But that's not what this post is about.
I want to talk about the real lies writers tell themselves and each other. I hope they're not as pervasive as they seem to be, and maybe it's just a fringe division (hee hee. Fringe Division) of the writing world who are engaged in this puffed-up-ness. I sure hope so.
There's a post over on the QueryTracker forum about self-publishing. Actually, it's about a harsh editor's response to an author's question about self-publishing. Whoo! Mouthful. The author signed on unwittingly with a vanity publisher who he thought was legitimate. Now, because he wants to find an agent, he's asking what he should include in his query about previously published books. This editor's advice was not to mention it since vanity publishing or self-publishing is as imaginary as unicorns. (I paraphrased the crap out of this. He was much meaner.)
First, I want to say that I think he was unnecessarily harsh and kind of wrong, since plenty of agents have expressed an interest in knowing if you're previously self-published. Also, this person obviously felt swindled, and was humble about his mistake. That deserves something more than a "Tough luck, kiddo. You just took a ride on a unicorn."
Read what he actually said HERE.
Second, I want to stand up for self-published authors who really know what they're doing. They edit their books, or have them professionally edited. They hire cover artists and marketing teams. They basically do everything a publisher and agent would do, but all by themselves. They're like super-authors because they're also entrepreneurs! I admire these people. I will never be one. (Stints with both Mary Kay cosmetics and Avon have proved my lack of mettle as a salesperson and self-employee.)
Third, I want to agree with Mean Unicorn Guy about some self-published authors being as legitimate as unicorns. Hear me out.
I was lied to.
One day, I was minding my own business on twitter, retweeting other people's cleverness (not quite minding my own biz), when somebody sought me out to help them spread the word about their book. Through the course of tweeting, instant messaging, and blogging, I came to think of this person as a published author. Naturally, as an aspiring author, I look up to published authors because of what I assume they went through to get that status. I'm going through it now:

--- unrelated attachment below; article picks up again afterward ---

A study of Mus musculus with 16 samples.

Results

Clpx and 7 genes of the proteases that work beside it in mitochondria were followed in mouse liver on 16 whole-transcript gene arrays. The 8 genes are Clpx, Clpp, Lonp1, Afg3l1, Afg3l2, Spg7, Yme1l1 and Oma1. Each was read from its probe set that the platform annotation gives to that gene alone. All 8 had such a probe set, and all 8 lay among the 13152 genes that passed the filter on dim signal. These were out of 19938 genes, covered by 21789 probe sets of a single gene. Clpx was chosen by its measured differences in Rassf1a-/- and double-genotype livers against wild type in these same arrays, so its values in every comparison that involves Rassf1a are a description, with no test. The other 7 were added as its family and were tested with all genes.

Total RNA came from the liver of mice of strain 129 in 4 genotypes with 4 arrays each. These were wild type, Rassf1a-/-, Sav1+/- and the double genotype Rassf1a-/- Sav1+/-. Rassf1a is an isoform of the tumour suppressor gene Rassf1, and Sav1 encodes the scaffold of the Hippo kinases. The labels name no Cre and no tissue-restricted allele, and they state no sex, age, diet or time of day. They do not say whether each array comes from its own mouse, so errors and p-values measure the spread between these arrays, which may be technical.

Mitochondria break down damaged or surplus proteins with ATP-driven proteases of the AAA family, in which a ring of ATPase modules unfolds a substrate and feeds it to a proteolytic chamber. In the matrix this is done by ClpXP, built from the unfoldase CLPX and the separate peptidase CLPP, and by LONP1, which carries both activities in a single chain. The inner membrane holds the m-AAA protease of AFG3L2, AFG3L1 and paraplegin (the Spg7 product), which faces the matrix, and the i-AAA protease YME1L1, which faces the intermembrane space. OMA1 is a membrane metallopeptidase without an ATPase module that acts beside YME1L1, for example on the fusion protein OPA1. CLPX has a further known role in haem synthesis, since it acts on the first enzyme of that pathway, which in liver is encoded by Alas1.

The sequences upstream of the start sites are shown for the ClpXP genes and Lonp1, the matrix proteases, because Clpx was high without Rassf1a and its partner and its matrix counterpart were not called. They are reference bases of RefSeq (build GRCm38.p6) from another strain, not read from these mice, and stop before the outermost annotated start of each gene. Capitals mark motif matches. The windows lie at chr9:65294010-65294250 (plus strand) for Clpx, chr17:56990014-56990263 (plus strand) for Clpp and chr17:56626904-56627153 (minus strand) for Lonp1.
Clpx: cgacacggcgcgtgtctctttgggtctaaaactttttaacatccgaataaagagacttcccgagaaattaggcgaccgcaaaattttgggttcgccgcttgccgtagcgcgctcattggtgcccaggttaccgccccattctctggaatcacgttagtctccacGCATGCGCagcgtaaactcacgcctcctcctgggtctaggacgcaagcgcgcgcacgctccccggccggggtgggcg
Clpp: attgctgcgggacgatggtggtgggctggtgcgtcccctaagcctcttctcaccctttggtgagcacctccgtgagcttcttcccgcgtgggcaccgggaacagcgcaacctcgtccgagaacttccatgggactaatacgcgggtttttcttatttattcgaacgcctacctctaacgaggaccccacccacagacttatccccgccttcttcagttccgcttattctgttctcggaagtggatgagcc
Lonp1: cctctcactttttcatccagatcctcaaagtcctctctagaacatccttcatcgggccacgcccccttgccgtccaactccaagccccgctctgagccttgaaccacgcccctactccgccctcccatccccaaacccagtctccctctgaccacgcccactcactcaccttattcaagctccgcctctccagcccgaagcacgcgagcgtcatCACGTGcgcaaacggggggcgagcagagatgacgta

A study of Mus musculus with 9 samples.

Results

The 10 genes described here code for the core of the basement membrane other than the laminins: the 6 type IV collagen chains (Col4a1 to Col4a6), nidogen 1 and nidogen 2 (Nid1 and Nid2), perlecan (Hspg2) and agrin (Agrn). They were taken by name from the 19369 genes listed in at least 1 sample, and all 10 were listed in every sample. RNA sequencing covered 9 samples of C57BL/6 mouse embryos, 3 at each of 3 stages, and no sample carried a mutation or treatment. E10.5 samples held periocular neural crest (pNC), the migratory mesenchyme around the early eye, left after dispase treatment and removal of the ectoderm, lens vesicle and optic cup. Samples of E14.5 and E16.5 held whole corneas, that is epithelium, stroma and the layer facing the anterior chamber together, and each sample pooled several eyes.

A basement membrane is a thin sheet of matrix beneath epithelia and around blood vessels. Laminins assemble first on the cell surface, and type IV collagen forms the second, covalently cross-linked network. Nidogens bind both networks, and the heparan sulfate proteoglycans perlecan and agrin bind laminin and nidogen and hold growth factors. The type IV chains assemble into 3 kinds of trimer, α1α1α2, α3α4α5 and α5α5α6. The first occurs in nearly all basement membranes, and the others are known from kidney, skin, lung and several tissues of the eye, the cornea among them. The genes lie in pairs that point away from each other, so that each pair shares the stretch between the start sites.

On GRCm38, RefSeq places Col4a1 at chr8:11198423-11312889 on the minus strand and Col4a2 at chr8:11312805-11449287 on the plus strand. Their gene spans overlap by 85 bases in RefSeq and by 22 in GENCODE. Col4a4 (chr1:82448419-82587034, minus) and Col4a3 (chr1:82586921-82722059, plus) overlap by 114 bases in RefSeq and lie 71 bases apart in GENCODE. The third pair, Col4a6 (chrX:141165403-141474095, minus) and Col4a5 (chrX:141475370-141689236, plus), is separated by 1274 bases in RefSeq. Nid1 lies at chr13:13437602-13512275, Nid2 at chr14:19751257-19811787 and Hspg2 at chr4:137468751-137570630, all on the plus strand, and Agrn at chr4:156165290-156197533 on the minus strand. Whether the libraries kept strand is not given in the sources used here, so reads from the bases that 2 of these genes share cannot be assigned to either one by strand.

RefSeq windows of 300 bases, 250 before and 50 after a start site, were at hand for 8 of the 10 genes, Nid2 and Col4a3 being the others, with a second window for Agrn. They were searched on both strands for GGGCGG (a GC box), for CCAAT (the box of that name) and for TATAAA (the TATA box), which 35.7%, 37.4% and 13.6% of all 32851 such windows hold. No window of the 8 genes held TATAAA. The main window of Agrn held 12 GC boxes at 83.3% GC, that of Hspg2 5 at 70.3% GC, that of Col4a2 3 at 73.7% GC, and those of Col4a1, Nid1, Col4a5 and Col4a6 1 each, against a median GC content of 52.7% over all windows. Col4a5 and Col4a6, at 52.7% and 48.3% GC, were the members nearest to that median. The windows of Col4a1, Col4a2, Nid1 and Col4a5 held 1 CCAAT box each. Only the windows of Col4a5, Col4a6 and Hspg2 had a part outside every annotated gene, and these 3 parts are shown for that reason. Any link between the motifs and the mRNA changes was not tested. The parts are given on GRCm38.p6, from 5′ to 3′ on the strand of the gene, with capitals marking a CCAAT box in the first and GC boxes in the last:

- receiving criticism from partners
- querying agents
- submitting work to agents
- getting rejected
- hoping, hoping, hoping
- finally getting that offer of representation
- more criticism
- more editing
- submitting to agents
- more rejection
Looks like fun, huh?
It's not. Well, some of it is. But a lot of it is not. It's easy to see why people might want to circumvent the whole deal and just publish their book alone, especially when lulu.com holds promotions, letting you publish practically for free.
The problem is that they don't provide the intensive editing service you get from a traditional publishing house who has a vested interest in your book being the best it can be.
This is your story
This is your story with professional editing
So I end up buying the aforementioned twitterer's book for $20 (it cost less to buy two of Ally Carter's awesome spy novels at TJMaxx, btw). I don't mind the extra cost for a really great read, but I can't even get past the first three chapters before the writing makes me feel sick. The MC is as likable as a cockroach, and the supporting cast is a mixture of cliche and bad-original. What do you do when you're reading a horrible book? I flip it back over to look at the cover. Ah, there it is...
The publisher who thought this was worth the paper its printed on.
Vanity Publisher X.
A quick google search clinches it for me. The author was either swindled, or he knowingly swindled me. Point-blank, I had asked this person about how he found his agent (curious aspiring authors love these stories, if you published authors are looking for something to blog about). He lied. There's no way this person has an agent. There's no way he has an editor. The book is just too bad.
If you look at this person's twitter or facebook profiles, you'll see post after post about awards he's won, new books he's working on, library workshops, book signings, etc. He acts, talks, and walks like a published author, but his work is derivative, stale, and unpolished.
Normally, I wouldn't knock another writer's efforts like this, but I'm feeling justifiably angry. It's not just that I bought the book. It's that I bought the person he pretended to be.
If you want to self-publish, more power to you. Don't lie. Don't say you have an agent and a traditional publisher and editors who are bugging you to get a blog up and running. Poseurs in any industry are at best laughable, and at worst, con artists.
Just be honest. We are all trying to do the best we can. As a fellow writer, that's all I expect of my peers. You don't have to be a pita. It's okay if you're just a tortilla. Really.